Social security has always been a key source of income for those retiring in the U.S.
So, how do you find out how much social security you will receive? And what determines how much you’ll get?
It doesn’t need to be complicated, we’ll break it down for you.
Several factors affect your social security. The Social Security Administration (SSA) employs a benefits formula to calculate your social security benefits.
Two main factors determine your social security payments;
Your Average Indexed Monthly Earnings (AIME) is calculated by the SSA, by the income from your top 35 years, adjusting it for inflation by multiplying it with an indexing factor. The National Average Wage Index is used to determine the indexing factor.
This is calculated to determine how much of your income will be substituted with social security payments when you do retire. The PIA (Primary Insurance Index) formula depends on three bend points; the sum of 90%, 32% and 15% of income replacements (AIME).
Some other factors determine your social security benefits. We’ll walk you through them.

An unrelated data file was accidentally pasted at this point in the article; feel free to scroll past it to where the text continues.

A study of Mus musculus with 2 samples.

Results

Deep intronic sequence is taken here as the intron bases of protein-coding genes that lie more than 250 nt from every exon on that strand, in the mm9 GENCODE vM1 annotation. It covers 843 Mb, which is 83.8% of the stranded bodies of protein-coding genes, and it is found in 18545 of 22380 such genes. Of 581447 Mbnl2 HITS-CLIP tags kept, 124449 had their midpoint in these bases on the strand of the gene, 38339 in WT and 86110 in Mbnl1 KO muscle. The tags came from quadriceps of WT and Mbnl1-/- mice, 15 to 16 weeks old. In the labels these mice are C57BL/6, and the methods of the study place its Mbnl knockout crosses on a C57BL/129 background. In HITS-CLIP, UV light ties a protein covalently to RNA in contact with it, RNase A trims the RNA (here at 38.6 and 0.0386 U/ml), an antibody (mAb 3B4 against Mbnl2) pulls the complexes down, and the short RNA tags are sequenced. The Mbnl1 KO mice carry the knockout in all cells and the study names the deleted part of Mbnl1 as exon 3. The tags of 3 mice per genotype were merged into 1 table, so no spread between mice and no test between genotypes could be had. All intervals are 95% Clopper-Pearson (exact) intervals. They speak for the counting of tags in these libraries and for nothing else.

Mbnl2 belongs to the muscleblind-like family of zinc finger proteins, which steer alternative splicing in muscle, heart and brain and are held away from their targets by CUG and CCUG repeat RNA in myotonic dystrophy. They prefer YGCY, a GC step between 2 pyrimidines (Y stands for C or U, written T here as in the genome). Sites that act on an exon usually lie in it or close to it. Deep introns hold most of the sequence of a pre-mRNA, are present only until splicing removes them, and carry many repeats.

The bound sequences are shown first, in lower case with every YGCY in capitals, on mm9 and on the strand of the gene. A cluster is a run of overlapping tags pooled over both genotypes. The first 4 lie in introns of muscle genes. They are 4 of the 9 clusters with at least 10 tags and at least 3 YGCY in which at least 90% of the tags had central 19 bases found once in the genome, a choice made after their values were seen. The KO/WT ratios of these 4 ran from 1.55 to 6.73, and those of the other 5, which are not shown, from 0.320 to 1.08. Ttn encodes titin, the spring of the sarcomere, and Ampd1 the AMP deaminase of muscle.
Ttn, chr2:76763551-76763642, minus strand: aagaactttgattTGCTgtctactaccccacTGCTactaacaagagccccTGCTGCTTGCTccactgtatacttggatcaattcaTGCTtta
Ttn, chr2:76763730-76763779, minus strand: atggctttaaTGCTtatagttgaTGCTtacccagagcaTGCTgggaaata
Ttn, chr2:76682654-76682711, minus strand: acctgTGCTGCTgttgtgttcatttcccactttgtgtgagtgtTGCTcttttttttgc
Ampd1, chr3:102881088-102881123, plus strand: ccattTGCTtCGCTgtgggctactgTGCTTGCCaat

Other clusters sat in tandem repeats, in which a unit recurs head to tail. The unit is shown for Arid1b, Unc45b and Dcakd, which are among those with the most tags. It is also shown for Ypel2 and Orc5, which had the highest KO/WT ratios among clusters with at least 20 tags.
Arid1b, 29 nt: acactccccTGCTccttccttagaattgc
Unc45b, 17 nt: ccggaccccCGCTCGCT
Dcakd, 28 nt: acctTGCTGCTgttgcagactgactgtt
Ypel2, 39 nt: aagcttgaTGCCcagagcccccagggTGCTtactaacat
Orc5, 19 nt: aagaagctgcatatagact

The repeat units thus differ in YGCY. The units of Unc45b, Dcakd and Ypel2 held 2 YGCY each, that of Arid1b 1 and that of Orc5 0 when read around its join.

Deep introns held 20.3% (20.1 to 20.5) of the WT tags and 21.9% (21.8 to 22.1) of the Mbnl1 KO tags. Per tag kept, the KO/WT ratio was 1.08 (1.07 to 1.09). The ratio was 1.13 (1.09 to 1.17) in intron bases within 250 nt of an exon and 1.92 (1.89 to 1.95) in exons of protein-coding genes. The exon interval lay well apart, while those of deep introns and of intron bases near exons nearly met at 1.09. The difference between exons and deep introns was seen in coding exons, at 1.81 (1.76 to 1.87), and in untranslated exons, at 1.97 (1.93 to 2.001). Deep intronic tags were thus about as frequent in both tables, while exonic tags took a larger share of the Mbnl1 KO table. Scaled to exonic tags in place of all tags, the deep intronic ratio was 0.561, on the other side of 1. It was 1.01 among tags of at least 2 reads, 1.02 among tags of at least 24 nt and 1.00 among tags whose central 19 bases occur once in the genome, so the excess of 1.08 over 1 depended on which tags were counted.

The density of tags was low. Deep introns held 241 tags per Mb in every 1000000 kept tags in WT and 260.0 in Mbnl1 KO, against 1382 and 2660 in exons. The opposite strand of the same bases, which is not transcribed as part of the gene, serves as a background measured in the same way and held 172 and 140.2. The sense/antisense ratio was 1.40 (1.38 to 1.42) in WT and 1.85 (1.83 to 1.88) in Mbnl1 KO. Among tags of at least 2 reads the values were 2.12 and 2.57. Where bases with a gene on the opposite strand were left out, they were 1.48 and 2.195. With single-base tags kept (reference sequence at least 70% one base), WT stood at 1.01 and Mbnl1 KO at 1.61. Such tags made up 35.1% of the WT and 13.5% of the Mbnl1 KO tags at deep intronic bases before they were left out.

The SSA (Social Security Administration) determines your social security based on your retirement age. Retiring at your full retirement age (70) will get you full benefits. Retiring earlier will decrease that amount.
Social Security Benefits could be taxable and if there are withheld taxes, the IRs will cut it from the benefits, upon filing your return.
Any beneficiary enrolled in Medicare (Part B, C or D) will have their premiums reduced from the Benefits check.
If after reaching full retirement age you continue to work, your benefits will begin reductions of $1 for every $2 over a certain income limit.
For significant inflation any year, Cost of Living Adjustments may apply to increase your social security benefits.
Understanding your social security benefits can help you plan your financial goals. The social security retirement age chart helps you calculate your benefits, as do some other resources available on the SSA website.
Are you looking to retire and want to calculate your social security benefits? Did you find this article useful in determining your social security benefits?